Yet the later the hour grows for the bill’s approval by the two governors, the more skittish its sponsors are growing about its chances of becoming law.
Gov. Andrew M. Cuomo faces the first deadline: He has until Saturday night at midnight to decide on the New York bill. If he approves it, Gov. Chris Christieof New Jersey will face heightened pressure to do the same; his deadline is in mid-January. But because the authority is a creation of the two states, approval of the legislation by only one state would have the same effect as its rejection by both.
Supporters of the bill say they now fear that the governors will reject the bill because it would erode the control they share evenly over everything the Port Authority does — whether running airports and bridges, hiring politicallyconnected officials or awarding billion-dollar contracts to benefit political allies.
Neither Mr. Christie, a Republican, nor Mr. Cuomo, a Democrat, has signaled his intention. The two had lunch together in Carlstadt, N.J., on Tuesday, as NJ.com reported, but spokesmen for both declined to say whether the two had discussed the Port Authority bill, let alone whether they planned to approve it.
The impact of the legislation would be profound, sponsors say: It imposes a broad array of new financial, ethical and administrative controls on the Port Authority, including a requirement that all its meetings be open to the public. It also requires its commissioners to acknowledge that they have a “fiduciary duty” to the Port Authority, a “duty of loyalty and care” to the authority, and an obligation to act in its best interests and that of the people it serves.
In other words, said Richard L. Brodsky, a former Democratic assemblyman from Westchester County who has long been a critic of the Port Authority’s governance: “It requires board members to promise loyalty to the authority. Not to the guys who appointed them.”
The stakes in Trenton are somewhat higher than in Albany. Mr. Christie and the Port Authority, after all, were central characters in the lane-closing scandal at the George Washington Bridge in September 2013. Federal and Manhattan investigators are still looking into that event and related questions about Port Authority finances that emerged later. Mr. Christie has denied knowing anything about the lane closings in advance. But the scrutiny damaged his national image as he planned a potential 2016 presidential run, and his stewardship of the Port Authority remains a political problem that could flare up again at any time.
With that in mind, backers of the legislation say they fear a pre-emptive strike on the New York side of the river.
In early May, Mr. Cuomo and Mr. Christie formed a special panel on the Port Authority’s future. Were that panel to release findings before Saturday, the theory goes, it could give Mr. Cuomo a rationale for vetoing the legislation, which in turn would spare Mr. Christie the decision.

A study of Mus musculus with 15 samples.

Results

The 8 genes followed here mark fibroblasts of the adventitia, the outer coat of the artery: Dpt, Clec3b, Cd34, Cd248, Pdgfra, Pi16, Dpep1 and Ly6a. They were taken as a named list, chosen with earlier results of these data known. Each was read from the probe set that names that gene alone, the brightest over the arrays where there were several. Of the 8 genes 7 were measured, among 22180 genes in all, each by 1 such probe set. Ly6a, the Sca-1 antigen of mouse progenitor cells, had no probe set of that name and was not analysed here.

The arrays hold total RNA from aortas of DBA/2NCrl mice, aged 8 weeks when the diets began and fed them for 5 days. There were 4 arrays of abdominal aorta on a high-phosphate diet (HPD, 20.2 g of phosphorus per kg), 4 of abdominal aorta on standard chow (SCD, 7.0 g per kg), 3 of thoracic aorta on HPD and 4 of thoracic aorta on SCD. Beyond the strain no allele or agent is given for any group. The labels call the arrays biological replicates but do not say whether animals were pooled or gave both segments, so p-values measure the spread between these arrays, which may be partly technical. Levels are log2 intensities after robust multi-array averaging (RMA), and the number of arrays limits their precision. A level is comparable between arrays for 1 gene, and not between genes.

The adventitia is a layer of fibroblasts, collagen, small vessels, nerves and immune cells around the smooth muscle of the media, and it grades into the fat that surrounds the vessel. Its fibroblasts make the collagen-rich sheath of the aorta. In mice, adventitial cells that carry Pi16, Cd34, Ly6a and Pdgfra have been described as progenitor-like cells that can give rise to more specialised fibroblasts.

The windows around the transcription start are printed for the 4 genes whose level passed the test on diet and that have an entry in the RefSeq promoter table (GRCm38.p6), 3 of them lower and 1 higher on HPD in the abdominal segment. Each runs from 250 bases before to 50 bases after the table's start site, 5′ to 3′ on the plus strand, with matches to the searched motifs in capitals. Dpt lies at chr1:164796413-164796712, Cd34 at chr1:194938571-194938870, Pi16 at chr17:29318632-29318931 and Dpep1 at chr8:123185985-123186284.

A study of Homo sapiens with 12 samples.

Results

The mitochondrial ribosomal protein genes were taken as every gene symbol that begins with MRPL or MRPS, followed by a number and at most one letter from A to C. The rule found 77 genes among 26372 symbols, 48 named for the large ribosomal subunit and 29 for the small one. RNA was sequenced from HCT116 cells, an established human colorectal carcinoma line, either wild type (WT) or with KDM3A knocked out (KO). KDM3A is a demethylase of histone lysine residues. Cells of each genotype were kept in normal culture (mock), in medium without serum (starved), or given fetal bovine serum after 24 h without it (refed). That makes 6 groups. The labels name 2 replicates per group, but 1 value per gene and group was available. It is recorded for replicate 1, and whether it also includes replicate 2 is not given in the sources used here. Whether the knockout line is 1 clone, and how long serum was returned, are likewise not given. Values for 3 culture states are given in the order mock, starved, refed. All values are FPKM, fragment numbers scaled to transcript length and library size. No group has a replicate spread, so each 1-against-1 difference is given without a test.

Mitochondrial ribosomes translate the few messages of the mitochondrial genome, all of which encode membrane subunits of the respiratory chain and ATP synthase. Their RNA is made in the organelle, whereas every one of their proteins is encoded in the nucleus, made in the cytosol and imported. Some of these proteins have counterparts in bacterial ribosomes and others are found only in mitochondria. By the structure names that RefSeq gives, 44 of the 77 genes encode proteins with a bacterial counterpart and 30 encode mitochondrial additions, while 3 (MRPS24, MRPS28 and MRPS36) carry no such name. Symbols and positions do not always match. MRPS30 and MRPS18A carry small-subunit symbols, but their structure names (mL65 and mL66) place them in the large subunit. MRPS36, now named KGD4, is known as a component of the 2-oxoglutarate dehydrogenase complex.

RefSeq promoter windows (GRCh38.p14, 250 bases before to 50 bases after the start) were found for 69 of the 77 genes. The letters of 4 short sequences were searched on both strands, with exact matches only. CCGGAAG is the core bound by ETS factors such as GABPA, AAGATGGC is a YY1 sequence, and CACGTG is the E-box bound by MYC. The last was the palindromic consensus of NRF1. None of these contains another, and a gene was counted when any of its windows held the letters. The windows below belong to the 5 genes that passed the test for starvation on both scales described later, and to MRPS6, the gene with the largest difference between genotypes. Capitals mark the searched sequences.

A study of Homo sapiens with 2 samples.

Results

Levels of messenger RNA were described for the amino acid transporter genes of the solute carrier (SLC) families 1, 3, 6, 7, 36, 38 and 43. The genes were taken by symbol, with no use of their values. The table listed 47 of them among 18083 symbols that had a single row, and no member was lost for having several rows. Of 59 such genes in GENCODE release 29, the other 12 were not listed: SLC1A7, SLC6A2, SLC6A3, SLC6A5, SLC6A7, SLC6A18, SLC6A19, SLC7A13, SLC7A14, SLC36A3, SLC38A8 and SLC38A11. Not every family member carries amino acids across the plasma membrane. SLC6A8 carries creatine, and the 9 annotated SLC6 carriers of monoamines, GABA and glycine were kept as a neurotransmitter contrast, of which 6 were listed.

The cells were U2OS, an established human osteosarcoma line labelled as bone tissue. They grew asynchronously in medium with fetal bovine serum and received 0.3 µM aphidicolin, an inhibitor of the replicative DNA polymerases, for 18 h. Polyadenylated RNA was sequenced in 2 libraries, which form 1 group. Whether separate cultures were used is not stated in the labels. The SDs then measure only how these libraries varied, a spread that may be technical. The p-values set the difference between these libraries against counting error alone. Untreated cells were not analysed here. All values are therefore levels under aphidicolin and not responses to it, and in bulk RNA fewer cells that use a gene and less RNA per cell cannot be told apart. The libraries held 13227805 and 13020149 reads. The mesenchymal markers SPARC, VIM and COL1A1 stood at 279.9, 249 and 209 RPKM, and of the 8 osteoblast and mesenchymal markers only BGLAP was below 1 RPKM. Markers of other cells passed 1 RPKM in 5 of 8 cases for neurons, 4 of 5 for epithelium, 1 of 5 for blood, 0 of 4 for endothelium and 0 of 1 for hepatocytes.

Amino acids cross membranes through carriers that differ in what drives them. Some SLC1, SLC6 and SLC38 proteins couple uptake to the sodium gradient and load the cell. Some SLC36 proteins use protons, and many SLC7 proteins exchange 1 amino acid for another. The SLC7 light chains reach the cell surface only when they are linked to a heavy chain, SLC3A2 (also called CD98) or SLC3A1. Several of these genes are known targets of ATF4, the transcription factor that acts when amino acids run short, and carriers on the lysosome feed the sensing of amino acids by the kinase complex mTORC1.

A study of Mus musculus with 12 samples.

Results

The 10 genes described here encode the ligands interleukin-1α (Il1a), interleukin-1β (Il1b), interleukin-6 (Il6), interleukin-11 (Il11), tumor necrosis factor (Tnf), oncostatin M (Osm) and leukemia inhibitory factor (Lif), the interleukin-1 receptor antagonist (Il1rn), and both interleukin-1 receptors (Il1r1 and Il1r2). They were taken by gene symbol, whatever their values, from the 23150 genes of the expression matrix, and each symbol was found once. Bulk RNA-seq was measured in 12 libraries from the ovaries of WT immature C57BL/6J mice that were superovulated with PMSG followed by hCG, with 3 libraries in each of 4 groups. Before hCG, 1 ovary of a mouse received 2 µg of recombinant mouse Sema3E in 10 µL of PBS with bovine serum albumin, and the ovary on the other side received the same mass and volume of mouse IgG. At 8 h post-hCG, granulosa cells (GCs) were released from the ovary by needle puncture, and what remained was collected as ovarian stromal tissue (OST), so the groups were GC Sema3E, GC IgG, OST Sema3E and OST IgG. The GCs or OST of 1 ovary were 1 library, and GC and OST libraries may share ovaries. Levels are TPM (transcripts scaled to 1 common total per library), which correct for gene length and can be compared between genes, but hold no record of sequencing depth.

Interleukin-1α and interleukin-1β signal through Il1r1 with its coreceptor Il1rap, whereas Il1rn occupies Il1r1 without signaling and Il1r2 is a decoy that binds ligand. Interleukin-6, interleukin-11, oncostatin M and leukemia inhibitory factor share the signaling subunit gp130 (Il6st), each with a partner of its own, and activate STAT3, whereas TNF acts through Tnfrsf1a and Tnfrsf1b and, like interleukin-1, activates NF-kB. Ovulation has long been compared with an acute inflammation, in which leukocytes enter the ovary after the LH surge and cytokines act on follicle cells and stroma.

“The governors’ special panel should not cancel out the good work done so far with these unanimously supported bistate bills,” said Dick Dadey, executive director of Citizens Union, a government watchdog group in New York. He added, “These unanimously supported reform bills should be embraced by these two reform-minded governors.”
Supporters in both states are bracing for disappointment while simultaneously expressing disbelief at the prospect.
“It’s not just bipartisan and bistate: it’s 612 to zero,” State Senator Robert M. Gordon, a Democrat of Bergen County, N.J., said of his count of the unanimous two-state legislative vote. “How could they not sign it?”
That may become clear presently.
Proponents of the bill in Albany met with Mr. Cuomo’s legal staff and wrote to the governor in mid-December. But they said they had received no indication of Mr. Cuomo’s plans.
“They have not been specific about any objections,” said Assemblyman James F. Brennan, a Brooklyn Democrat who is the bill’s chief sponsor in that chamber. Mr. Brennan said there was “no possible merit to a veto,” noting that many of the reforms proposed for the Port Authority were already in place in other state authorities and agencies. “This is standard modern ethics reform,” he added.
But as the clock ticks, backers of the measure say they fear that if the bills fail, it will be difficult to muster such support again.
“It would be very challenging to get both states and both sides of the aisle to agree on every point,” said Assemblywoman Valerie Vainieri Huttle, a Democrat of Bergen County, N.J.
The lobbying has continued. Mr. Gordon said he pressed the case with Governor Christie at a recent holiday party. “I literally accosted him,” Mr. Gordon said.
It was an unsuccessful ambush. “I didn’t expect to get a clear answer,” he said. “And I didn’t.”